The Africa Confidential Blog

  • 24th October 2019

From Russia with geopolitics

Blue Lines

Although he pulled in dozens of Africa's leaders to the first Russia-Africa summit in Sochi on 23-24 October, Russia's President Vladimir Putin is years behind the competition in courting Africa. Russia-Africa trade has doubled to US$20.4 billion over the past five years but that is a tenth of China-Africa business. Russia isn't in the top five trading partners with Africa, something Putin says he wants to remedy as a foreign policy priority.

His special subjects are nuclear power and the military. Africa now buys a third of Russia's arms exports. As the summit opened at the Black Sea resort, two Tupolev TU-160 strategic nuclear bombers touched down at the Waterkloof Air Force base in South Africa, presumably as a symbol of military cooperation.

But relations between South Africa and Russia remain strained after President Cyril Ramaphosa shelved his predecessor's plans to spend over $80 billion on nuclear power projects to be built by Rosatom. Undaunted, Rosatom's sales representatives have been touting their wares to gas and oil-rich Nigeria as well as Ethiopia, whose mega-hydro plants will make it one of Africa's top power exporters over the next five years.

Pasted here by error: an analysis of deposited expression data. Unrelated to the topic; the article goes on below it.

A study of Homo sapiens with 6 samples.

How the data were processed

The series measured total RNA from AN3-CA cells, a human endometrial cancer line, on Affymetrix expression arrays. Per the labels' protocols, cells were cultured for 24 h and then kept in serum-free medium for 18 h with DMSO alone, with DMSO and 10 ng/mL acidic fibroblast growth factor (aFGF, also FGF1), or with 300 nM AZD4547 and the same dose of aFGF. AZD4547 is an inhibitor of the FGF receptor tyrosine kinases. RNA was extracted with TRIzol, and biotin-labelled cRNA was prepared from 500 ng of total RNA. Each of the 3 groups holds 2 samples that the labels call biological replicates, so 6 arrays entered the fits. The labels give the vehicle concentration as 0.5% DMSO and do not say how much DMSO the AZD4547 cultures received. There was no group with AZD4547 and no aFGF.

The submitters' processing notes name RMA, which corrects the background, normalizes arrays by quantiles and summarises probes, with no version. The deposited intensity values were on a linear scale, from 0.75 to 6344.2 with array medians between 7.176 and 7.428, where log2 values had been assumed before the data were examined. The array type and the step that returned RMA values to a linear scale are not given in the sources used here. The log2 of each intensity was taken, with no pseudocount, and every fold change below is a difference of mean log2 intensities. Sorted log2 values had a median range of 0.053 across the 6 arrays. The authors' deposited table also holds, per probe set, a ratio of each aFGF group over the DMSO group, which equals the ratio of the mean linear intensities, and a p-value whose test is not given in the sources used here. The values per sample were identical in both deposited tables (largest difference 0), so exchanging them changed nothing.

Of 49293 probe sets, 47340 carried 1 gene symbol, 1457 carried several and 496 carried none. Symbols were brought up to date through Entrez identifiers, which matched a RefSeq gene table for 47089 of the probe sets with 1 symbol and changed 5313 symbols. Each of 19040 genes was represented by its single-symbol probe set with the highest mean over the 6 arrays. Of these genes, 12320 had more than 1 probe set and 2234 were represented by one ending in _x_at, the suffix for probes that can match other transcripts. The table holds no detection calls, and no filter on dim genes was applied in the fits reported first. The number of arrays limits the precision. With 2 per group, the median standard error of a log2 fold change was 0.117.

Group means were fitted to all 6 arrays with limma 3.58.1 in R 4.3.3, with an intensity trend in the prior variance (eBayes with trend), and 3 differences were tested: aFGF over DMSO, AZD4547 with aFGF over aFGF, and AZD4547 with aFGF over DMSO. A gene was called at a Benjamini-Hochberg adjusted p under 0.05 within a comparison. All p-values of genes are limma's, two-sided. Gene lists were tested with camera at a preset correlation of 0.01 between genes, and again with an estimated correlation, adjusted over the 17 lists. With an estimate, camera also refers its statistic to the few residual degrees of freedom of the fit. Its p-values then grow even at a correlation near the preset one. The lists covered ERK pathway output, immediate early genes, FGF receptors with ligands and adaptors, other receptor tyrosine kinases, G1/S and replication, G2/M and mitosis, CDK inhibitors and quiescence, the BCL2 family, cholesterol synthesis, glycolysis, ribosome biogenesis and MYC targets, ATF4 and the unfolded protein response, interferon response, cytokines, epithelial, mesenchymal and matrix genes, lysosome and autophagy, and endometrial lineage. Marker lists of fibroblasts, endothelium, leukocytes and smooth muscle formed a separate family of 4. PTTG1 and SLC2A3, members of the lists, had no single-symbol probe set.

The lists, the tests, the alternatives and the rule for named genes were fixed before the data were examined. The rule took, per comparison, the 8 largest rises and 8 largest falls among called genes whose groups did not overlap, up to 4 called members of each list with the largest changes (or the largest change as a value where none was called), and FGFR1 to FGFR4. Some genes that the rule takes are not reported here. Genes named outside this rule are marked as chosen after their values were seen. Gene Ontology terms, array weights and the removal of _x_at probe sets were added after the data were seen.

Putin is co-hosting the summit with Egypt's Abdel Fattah el Sisi – the two leaders are working together in Libya in support of the rebel general Khalifa Haftar, whose military campaign against the Tripoli government is bogged down. Moscow says it has military cooperation deals with at least 15 states.